Radio Address: Lessons from the Federal Shutdown

October 23, 2013

(MP3 Audio)

Like most Americans, I hoped politicians in Washington, D.C. would have avoided a federal shutdown. But they failed us. They won?t fool us again.

Hello, this is Governor Paul LePage.

During the shutdown, my staff spent many hours preparing for what could have resulted in thousands of layoffs of federally funded state employees, as well as the disruption of services to many state programs.

Commissioners of state agencies took inventory of how many employees would be affected, what services would be impacted and how the state could manage this unprecedented crisis. We immediately contacted the state employees? labor union to keep them informed as the shutdown progressed.

Our main concern was to make sure that any state employees who were laid off would be taken care of to the best of the state?s ability, whether it be providing them financial assistance or guaranteeing they would get their jobs back once the shutdown was over.

The civil emergency allowed me to lift the work search requirement for employees who had been laid off and who would have to seek unemployment benefits.

I declared a civil emergency to give the administration the flexibility to respond quickly to this crisis, and it was dissolved as soon as the federal government guaranteed us that funding for employees and programs was restored.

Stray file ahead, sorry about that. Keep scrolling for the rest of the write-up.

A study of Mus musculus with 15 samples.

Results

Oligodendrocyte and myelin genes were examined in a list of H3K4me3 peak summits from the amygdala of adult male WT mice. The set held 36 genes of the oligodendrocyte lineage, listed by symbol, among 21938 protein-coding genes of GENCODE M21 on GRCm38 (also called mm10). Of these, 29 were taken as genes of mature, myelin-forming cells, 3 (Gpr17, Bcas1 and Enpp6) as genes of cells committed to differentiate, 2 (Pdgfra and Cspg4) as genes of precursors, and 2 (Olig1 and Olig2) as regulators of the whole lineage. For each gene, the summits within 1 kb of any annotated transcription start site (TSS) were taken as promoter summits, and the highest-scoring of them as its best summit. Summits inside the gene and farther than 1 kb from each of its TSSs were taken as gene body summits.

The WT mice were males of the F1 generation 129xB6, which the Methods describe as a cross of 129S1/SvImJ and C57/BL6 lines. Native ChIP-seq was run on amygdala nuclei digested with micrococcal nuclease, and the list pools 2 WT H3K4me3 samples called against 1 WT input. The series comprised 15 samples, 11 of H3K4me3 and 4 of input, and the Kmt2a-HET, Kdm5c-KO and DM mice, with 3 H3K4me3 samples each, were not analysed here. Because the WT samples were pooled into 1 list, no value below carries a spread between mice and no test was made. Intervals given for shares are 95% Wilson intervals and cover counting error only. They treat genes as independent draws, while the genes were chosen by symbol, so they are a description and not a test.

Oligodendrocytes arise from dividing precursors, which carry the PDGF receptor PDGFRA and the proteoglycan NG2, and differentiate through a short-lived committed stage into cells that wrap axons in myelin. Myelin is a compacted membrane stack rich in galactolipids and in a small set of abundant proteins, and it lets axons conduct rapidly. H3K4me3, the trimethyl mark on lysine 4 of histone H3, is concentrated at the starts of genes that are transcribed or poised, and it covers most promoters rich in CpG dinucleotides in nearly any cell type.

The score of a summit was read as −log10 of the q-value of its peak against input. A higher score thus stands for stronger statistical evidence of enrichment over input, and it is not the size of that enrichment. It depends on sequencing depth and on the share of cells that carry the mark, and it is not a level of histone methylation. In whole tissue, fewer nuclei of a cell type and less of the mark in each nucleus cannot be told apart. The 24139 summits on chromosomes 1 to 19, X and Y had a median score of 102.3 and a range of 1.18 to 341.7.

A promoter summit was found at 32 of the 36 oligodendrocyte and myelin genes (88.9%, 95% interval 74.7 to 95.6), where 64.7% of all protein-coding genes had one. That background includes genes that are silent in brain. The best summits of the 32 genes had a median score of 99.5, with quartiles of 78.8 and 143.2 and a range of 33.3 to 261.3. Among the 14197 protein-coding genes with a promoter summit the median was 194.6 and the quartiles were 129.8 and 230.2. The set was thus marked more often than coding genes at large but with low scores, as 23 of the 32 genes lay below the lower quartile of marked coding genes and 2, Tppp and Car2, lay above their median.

Sadly, the politicians in Washington, D.C. accomplished absolutely nothing during the 16-day shutdown. They have set th e stage for another shutdown, but we will be ready for it.

With another shutdown looming, we will not waste time listening to political rhetoric. We are taking steps to ensure our employees are protected, and we will be prepared to minimize the impact on state programs and services. Actions, not words, will see us through the next shutdown.

Finally, I will say it again: With a national debt of 17 trillion dollars and permanent gridlock in Washington, D.C., we cannot depend on federal money to pay for Maine government. We must learn to live within our means.

As unfortunate as the shutdown was, we learned a lot from it. Government is not too big to fail its people. The next time the politicians fail us, we will be ready.